On 7 May 2020, the Serious Fraud Office (the "SFO") issued a statement declaring that it will continue to investigate fraud, bribery and corruption cases during the COVID-19 pandemic.  Whilst that is to be welcomed in principle, it remains to be seen precisely how it will do so, and the consequential practical effects for witnesses or suspects.

Other UK enforcers, such as HM Revenue & Customs and the Competition and Markets Authority, have either suspended certain investigations or refocused work streams in response to the pandemic. The Financial Conduct Authority identified its own priority areas of work for the coming years in its recent business plan (7 April 2020), and described the measures it had already taken to support consumers and firms and maintain markets during the pandemic.  By contrast, the SFO's business plan published on 2 April 2020, stated that the agency had made some adjustments in response to COVID-19, that it remained "operational and committed to delivering [its] mission", and yet provided no explanation as to how it hopes to achieve that in practice. 

In its subsequent COVID-19 update on 7 May 2020, the SFO stated that investigations would continue and that its offices remain open for staff to carry out essential work which cannot be done from home, but tasks capable of being done remotely would be prioritised. The update also stated that case teams would contact legal representatives with information about the adapted ways of working. The update therefore does little to answer any questions companies or individuals under investigation may have.


One key question that arises from the ongoing lockdown, and expected longer-term social distancing circumstances is how SFO interviews will be conducted going forward. In response to a Freedom of Information Act request issued by the Global Investigations Review magazine ("GIR") , the SFO disclosed that between 23 March 2020 (when the UK government imposed the current lockdown) and 30 April, it conducted no compelled witness interviews under section 2 of the Criminal Justice Act 1987 (the "CJA"), nor any suspect interviews.   This should not surprise practitioners in this field, given the SFO is necessarily  strict about keeping such interviews confidential, and video-link interviews carry the risk of being recorded and/or leaked by the suspect/witness or third parties.  By contrast the SFO has confirmed that it continues to conduct voluntary interviews via telephone while social distancing measures are in place.

It remains to be seen when compelled interviews will be resumed, but their suspension for the past few months will inevitably cause some degree of  backlog and delays to ongoing investigations, many of which were already long-running.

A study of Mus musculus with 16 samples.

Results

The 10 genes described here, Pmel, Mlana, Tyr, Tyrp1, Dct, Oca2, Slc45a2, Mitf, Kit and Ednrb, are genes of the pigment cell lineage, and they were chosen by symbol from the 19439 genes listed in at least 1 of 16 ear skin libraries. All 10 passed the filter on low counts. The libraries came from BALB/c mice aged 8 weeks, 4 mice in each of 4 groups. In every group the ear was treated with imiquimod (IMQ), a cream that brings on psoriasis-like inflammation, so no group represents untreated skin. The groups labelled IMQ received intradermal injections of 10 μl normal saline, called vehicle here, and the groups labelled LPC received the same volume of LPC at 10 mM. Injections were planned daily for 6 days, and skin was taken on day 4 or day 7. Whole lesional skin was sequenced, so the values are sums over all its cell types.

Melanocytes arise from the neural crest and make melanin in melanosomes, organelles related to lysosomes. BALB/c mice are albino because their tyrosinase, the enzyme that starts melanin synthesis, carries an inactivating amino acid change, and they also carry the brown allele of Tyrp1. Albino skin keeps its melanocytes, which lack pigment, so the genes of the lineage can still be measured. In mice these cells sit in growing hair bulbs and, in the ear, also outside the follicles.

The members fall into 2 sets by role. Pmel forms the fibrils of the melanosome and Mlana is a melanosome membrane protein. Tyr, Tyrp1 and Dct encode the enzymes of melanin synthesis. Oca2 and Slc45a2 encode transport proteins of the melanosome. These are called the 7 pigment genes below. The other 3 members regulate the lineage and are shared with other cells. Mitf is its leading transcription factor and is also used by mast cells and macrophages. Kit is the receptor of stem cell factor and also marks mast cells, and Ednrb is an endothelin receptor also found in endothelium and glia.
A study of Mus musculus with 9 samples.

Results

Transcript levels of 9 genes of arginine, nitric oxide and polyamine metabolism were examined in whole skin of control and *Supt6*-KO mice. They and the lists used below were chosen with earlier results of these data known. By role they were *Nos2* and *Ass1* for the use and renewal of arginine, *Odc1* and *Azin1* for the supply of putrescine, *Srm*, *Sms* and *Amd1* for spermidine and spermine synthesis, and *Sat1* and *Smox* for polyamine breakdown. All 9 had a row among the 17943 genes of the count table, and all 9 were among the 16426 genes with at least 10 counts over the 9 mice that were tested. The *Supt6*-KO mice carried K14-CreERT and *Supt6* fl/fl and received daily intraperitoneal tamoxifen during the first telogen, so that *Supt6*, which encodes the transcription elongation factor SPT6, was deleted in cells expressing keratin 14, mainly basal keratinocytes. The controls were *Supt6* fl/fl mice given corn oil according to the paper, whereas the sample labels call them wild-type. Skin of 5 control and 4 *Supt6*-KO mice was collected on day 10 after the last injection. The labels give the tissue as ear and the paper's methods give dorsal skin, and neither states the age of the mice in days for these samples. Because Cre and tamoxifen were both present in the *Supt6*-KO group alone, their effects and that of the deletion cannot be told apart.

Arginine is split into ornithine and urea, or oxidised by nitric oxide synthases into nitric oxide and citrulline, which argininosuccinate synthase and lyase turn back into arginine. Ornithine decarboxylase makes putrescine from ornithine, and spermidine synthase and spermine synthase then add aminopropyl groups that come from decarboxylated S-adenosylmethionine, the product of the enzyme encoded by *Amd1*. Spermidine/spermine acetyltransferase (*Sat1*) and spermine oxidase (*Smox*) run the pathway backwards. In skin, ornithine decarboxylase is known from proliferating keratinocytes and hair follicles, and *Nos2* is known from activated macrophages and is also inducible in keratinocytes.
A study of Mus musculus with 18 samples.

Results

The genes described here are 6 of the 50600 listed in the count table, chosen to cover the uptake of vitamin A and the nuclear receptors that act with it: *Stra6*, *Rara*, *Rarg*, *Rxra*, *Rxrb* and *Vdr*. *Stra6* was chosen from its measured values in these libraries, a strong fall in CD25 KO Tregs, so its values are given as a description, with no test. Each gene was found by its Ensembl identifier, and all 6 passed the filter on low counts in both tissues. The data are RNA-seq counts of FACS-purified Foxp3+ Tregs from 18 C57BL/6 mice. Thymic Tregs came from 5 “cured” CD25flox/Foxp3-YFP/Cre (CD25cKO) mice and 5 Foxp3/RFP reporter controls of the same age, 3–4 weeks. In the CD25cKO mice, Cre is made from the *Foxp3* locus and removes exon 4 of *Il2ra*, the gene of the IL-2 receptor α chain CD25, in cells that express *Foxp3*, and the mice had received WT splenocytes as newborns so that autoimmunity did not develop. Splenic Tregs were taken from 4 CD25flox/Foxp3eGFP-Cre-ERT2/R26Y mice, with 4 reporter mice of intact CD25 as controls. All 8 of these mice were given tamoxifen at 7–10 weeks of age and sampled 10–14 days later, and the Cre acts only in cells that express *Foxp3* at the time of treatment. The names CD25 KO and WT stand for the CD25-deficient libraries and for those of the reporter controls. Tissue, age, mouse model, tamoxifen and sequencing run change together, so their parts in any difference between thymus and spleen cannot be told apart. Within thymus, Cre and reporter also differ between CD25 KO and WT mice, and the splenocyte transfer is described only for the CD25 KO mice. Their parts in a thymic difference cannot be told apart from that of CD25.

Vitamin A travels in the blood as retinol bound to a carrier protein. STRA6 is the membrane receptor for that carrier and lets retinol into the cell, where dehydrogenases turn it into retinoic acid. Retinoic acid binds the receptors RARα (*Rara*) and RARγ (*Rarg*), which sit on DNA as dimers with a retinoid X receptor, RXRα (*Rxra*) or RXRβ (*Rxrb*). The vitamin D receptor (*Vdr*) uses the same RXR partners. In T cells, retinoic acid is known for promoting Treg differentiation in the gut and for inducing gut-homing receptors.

Evidence gathering and processing

In its response to that same  Freedom of Information request, the SFO also confirmed that, in the period 23 March to 30 April 2020, it did not apply for a search warrant or carry out any raids and had issued only 16 notices compelling the disclosure of information pursuant to section 2 of the CJA. As the SFO typically issues between 600 and 1,000 section 2 notices a year, 16 notices in an eight week period represents very little evidence gathering activity. 

That confirmation by the SFO of its reduced evidence gathering activities follows media reports that their investigations are being hindered by difficulties with processing evidence during the pandemic specifically. The SFO has stopped processing all hard-copy evidence and any evidence  contained on a seized device. It is only accepting evidence that is in a specified electronic format compatible with its computer systems.   

These issues with evidence gathering and processing, combined with the postponement of compelled interviews, will undoubtedly hold up investigations and increase pressure on the SFO, which has often been criticised for its slow handling of cases. For example, the HM Crown Prosecution Service Inspectorate ("HMCPSI") published a report in 2019 which criticised how long the SFO takes to develop investigation strategies and install case teams after formally opening a matter. On 2 June 2020, the SFO published a response to the HMCPSI report stating that it had “rebalanced the allocation of resources across the casework divisions” and had re-established a steering group that will “oversee the future allocation of resources according to business needs and in line with our staff rotation policy”. The SFO stated that it has also begun staff training programmes to develop case management skills and teach methods to conduct investigations more efficiently.  However, doubts remain among practitioners as to whether the changes adequately addressed the HMCPSI's main criticisms and will have any material impact on the pace of investigations. Overall, therefore, individuals subject to investigation should expect longer waiting times for interviews, charging decisions or other information relating to their case whilst the SFO, and indeed other prosecutors, find their way with enforcing law in the time of Corona.